There are about 400,000 elephants left in Africa and about 40,000 elephants are poached every year.
WILDLIFE | TOURISM
Uganda could lose up to 10% of its GDP if it does not control poaching of wild animals within and outside protected areas, according to Dr. Andrew Seguya, the executive director of the Uganda Wildlife Authority (UWA).
This is because the country depends on wildlife based tourism and that tourists support many sectors including transport, hotels and agriculture, according to Seguya.
“When tourists get into the country they hire cars to Kampala, sleep in a hotel and they eat food and when they go to tracking gorillas they also spend on crafts,” said Seguya, adding that all this is money going into different sectors of the economy.
However, wildlife is facing many threats including poaching particularly elephants, rhinos and pangolin scales.
“There are about 400,000 elephants left in Africa and about 40,000 elephants are poached every year,” said Seguya, adding that this means that Africa will have no elephants in the coming 10 years.
UWA’s top boss said Uganda’s population currently estimated at 5,000 is still safe and that most of the ivory confiscated in Uganda comes from outside the country.
He was speaking at the Sheraton Hotel in Kampala during a meeting for editors and senor reporters from different media houses. This was organized ahead of a mass awareness campaign to be rolled out by the Uganda Wildlife Authority (UWA) in partnership with international organization Wild Aid and Uganda Conservation Foundation (UCF) later this year.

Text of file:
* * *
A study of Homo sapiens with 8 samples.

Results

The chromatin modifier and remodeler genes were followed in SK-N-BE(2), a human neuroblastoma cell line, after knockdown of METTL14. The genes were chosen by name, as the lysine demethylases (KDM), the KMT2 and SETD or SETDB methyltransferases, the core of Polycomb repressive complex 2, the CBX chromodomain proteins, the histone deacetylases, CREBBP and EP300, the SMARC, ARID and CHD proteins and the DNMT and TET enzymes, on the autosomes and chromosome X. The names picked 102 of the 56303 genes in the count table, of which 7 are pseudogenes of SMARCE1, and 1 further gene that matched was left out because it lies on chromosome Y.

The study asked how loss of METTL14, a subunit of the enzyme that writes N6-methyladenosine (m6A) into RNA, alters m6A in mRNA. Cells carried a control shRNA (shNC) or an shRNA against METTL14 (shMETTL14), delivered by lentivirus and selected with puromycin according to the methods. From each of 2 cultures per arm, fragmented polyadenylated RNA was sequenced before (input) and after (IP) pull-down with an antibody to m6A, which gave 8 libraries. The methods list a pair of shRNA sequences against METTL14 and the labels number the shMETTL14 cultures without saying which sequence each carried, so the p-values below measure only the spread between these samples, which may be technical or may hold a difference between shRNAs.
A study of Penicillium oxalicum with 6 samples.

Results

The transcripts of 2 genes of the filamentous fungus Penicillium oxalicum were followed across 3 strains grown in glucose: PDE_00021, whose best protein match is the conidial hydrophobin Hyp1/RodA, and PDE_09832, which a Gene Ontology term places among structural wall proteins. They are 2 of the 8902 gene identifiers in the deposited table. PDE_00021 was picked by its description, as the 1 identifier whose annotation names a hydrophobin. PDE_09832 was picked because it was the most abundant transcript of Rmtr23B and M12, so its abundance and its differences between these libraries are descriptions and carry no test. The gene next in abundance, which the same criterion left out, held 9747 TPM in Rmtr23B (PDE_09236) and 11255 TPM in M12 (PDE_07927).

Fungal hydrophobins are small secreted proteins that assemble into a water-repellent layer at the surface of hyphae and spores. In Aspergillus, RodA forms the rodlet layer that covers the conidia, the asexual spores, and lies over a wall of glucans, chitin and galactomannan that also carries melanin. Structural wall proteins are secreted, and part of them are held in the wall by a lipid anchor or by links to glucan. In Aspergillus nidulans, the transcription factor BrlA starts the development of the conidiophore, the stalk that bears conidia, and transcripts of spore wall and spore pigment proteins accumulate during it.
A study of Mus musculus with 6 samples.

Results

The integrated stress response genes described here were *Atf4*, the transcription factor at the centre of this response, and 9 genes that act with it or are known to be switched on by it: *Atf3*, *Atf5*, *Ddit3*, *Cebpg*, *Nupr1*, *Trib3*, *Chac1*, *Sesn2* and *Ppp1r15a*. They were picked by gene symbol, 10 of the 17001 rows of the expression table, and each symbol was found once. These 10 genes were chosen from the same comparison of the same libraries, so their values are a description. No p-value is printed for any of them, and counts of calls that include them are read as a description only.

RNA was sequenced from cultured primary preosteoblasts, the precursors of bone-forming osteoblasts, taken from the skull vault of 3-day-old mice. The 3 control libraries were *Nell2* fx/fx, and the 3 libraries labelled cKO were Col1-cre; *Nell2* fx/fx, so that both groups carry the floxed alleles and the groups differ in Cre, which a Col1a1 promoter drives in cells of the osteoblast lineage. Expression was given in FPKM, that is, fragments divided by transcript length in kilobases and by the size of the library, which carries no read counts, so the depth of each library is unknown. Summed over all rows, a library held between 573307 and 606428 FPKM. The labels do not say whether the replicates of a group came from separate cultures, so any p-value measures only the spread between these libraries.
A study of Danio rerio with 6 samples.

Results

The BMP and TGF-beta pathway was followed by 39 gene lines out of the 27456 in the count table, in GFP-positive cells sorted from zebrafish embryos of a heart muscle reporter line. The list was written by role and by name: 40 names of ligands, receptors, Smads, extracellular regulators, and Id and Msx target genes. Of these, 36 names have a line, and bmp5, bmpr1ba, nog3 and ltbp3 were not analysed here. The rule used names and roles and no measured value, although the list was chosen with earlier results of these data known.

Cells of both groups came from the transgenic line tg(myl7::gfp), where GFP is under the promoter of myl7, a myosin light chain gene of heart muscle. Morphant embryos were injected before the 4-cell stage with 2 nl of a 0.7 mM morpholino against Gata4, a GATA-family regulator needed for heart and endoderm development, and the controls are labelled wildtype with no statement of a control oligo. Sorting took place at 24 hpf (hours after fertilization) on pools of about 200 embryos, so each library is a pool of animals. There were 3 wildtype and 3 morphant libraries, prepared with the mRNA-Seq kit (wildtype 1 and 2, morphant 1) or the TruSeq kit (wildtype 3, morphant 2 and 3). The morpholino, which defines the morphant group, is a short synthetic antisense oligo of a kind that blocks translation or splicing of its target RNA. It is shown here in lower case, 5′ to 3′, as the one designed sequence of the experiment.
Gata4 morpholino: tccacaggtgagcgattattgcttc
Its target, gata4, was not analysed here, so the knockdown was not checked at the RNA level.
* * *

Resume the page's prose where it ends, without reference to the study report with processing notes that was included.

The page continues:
The campaign dubbed “poaching steals from us all” is pegged on a mix of local and international celebrity ambassadors like Anne Kansiime, the Ugandan Cranes national football team and several others expected to appeal to the public to stop poaching.
This will be done be rolled out in several Ugandan languages in the form of TV documentaries and shorts, public service announcements, billboards, social media, events and other outreach aimed at instilling sense of pride in wildlife heritage of the country and desire to protect it.
“As the media is a key element in spreading awareness about wildlife related issues, we would love to share with you the editors’ information, discuss the challenges and necessity of making wildlife stories a core part of your coverage.”
Michael Keigwin is the founding trustee of UCF and a director of UCU, Lieutenant General Ivan Koreta, the chairperson of UCF and Tara Kilachand, Africa program manager addressed the editors.